Written by The Two River Times. Posted in Featured, Front Page, News


Published on June 28, 2013 with No Comments

By Torri Singer

RED BANK – The year-old borough change from parking meters to pay kiosks is touted in Borough Hall as a great improvement that has increased revenue, but talk to the people on the street and “horrible,” “ridiculous,” “poorly executed” and “confusing” are how they describe the system.

Much like how the pay phone has fizzled into near obsolesce, the parking meter is following suit. It’s been almost a year since Red Bank installed pay stations in the place of the traditional quarter-fed meters in the downtown borough lots. The pay station kiosks are located in the parking lots at North Maple Avenue, Marine Park, Union Street, Wharf Avenue, English Plaza and White Street.

Abigal Jannarone of Howell feeds money into a meter in Red Bank’s White Street parking lot as her mother Christine and brother, Christopher, get a lesson in parking technology. Christine Jannarone said she couldn’t do it without the help of her tech-savvy daughter.

Abigal Jannarone of Howell feeds money into a meter in Red Bank’s White Street parking lot as her mother Christine and brother, Christopher, get a lesson in parking technology. Christine Jannarone said she couldn’t do it without the help of her tech-savvy daughter.

According to William Wilk, the borough’s senior parking officer, 420 old meters were replaced with kiosks. “About 695 quarter-fed meters remain,” Wilk said.

“The majority of people like them. It’s more convenient for them and for us,” said Gary A. Watson, assistant administrative director of public utilities said.

While Wilk said the new system has brought the borough a 25 to 30 percent increase in parking revenue since the transition from meters to pay stations, many shoppers remain aggravated.

The luxury of throwing a coin into a meter and running into a shop for a quick errand is becoming a thing of the past; the lowest amount of time you can get at a kiosk is one hour for 50 cents. Business owners are taking note of what they describe as an inconvenience.

“It’s not good for our customer base,” said Dave Hendrickson, co-owner of the Fire House Specialty Shop on Broad Street. “Sometimes, it is confusing for older generations. People can’t figure out how it works and they can’t just run into a store for 10 minutes anymore so instead they just don’t come.”

But Wilk, who said the kiosk spaces are “absolutely” more cost efficient for the customer, disagrees. While the quarter-fed meters are $1 an hour, kiosk stations only cost 50 cents an hour.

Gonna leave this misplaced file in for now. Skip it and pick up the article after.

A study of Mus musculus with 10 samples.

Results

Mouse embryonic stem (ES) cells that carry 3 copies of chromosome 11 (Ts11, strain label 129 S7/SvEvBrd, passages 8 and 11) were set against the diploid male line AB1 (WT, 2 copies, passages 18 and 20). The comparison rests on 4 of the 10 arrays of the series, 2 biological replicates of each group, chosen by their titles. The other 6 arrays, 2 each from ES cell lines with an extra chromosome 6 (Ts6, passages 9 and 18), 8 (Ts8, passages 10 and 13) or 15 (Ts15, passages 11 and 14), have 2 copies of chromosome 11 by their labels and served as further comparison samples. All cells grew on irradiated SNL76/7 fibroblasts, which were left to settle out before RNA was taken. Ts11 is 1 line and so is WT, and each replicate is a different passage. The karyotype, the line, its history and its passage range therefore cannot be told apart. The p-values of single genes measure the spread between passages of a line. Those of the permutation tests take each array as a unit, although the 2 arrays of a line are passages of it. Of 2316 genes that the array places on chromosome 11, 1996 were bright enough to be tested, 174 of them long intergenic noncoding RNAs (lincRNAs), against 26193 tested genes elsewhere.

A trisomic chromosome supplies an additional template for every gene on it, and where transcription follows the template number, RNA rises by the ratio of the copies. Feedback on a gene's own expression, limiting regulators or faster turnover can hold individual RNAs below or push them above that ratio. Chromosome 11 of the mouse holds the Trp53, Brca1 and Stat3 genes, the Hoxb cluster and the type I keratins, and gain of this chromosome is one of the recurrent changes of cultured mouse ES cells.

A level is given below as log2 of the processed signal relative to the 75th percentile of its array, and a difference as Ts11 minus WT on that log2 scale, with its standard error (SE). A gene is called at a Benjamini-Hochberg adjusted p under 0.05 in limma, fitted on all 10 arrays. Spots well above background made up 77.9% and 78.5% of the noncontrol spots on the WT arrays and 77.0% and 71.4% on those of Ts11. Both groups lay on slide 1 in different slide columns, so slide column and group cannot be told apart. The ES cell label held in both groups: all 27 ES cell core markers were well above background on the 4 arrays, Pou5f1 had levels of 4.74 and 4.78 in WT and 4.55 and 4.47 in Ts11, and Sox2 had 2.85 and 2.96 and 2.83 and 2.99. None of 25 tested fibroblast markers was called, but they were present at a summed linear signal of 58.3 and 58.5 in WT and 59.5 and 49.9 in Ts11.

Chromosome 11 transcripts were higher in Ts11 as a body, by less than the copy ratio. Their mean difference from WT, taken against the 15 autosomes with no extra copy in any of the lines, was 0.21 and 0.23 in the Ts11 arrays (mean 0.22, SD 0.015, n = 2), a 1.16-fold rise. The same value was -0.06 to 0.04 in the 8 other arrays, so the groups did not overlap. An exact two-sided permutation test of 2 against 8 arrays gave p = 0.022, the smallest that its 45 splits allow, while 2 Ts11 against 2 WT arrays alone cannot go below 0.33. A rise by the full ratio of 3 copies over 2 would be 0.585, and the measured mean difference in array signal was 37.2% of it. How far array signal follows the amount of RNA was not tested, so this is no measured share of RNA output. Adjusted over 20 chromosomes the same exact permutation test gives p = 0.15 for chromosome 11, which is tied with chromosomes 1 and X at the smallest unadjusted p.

Watson also said that some customers who don’t like the system haven’t taken the time to learn how it works.

Additionally, 15 parking spaces that line the right side of Broad Street have been reserved for valet parking after 5 p.m. daily.

With the availability of meters dwindling, some are opting to skip their trips altogether. “It’s horrible!” I’ll drive around for 30 minutes looking for metered spots,” said Jennifer Diehl, a Red Bank resident.

Linda Kain, a resident of Ocean County, agrees with those who still feel lost and frustrated with the new system after nearly a year. “I’ve done this three times; it confuses me every time,” Kain said. “I usually try to find a place where I don’t have to use it.”

While some recognize and appreciate features the pay stations offer, such as extending parking time by reloading the meter using a smartphone, those unhappy with the change are adamant about their dislike.


Wilk, however, said he follows a protocol with the patron in mind. “There is a minimum time of 15 minutes, if I see that a car is overdue 15 minutes or less, I do not give them a summons.”

According to Wilk, the department does not view long kiosk lines as an issue because there are multiple stations in each lot.

“We also don’t hear many issues with credit cards not working, and if a machine has a problem, I receive a text message alerting me and I’m there to fix it,” Wilk said.

But, visitors say parking is a bigger hassle than ever.

Those in opposition to the new stations believe the kiosks require extra time, the lines that often form are not conducive to bad weather, people struggle to understand payment rates and frustration ensues.

However, like many technology transitions, this one requires an acceptance of the new – which may take some extra getting used to.